Chess Playing Pieces


Benjamin Franklin was a fan of chess and helped popularize it in America. In the essay “The Morals of Chess” he advised, “The game of Chess is not merely an idle amusement. Several very valuable qualities of the mind, useful in the course of human life, are to be acquired or strengthened by it, so as to become habits, ready on all occasions.” Sets such as this one would have been prized objects in an early 19th century Annapolis game room.

The game of chess originated in eastern India as far back as the third century and grew steadily in popularity in Asia, the Middle East, and eventually Europe, where it was brought by Persian traders. This elaborate set was made in the early 19th century in China from Indian ivory. The expertly carved pieces depict the Mongols fighting the Chinese, one of three main themes created for export.

This set was donated by Florence Bayard Hilles (1865-1954), who was an important player in the American women’s suffrage movement. In 1943 Hilles founded the Sewall-Belmont House and Museum’s library that bears her name, It is the oldest Feminist Library in the United States. To learn more about Hilles read this article written by her great niece, Jane Bayard Curley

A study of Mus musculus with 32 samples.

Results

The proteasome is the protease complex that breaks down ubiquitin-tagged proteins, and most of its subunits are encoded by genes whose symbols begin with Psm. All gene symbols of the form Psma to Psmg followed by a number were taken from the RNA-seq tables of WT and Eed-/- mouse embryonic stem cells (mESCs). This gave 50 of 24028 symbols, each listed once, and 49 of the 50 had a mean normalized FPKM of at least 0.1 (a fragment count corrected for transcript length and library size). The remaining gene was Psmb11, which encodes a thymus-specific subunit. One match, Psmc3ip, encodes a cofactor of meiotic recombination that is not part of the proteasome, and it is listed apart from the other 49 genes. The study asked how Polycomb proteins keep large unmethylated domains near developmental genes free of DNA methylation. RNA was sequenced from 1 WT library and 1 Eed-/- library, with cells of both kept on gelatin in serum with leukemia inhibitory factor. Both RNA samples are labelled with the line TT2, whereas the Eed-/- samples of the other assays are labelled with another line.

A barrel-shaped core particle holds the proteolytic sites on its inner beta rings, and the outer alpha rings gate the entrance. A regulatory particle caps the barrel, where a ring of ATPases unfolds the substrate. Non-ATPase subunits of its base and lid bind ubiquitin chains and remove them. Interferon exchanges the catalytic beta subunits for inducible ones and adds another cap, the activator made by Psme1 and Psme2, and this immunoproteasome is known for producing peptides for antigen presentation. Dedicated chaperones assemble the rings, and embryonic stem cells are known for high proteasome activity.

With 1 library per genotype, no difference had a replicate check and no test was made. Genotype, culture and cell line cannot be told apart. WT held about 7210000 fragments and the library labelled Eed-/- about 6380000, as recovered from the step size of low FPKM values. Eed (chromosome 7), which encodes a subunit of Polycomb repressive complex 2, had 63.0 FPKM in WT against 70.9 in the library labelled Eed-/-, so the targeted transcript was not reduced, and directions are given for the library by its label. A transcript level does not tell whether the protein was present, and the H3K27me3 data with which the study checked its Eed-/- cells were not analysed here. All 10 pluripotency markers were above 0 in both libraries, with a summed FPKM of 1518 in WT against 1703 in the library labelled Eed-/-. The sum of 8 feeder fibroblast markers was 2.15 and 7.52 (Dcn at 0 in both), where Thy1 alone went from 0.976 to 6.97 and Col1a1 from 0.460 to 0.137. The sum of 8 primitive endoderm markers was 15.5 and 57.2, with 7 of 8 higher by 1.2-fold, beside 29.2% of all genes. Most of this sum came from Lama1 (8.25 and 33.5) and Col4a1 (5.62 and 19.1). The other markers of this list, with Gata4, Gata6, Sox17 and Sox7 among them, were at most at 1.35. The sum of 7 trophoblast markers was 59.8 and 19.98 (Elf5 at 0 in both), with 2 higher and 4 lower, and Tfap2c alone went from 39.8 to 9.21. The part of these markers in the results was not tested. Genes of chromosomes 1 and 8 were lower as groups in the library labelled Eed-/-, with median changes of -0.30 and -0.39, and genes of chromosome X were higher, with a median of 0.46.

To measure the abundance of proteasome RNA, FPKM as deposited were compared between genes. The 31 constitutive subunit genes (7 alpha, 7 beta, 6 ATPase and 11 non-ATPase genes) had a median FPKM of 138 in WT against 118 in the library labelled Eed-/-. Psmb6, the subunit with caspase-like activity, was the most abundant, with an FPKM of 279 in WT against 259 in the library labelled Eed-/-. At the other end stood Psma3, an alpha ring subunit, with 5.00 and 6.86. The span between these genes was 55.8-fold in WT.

Image of a Chess Playing Piece
Chess Playing Piece
Medium:  Ivory from India
Misc.7 Gift of Florence Bayard Hilles

Chinese, Early 19th Century

By Rachel Lovett Curator & Assistant Director

Posted on Jul 2, 2021 in , by Hammond-Harwood House



Hammond-Harwood House

The mission of the Hammond-Harwood House Association is to preserve and to interpret the architecturally significant Hammond-Harwood House Museum and its collection of fine and decorative arts, and to explore the diverse social history associated with its occupants, both free and enslaved, for the purposes of education and appreciation.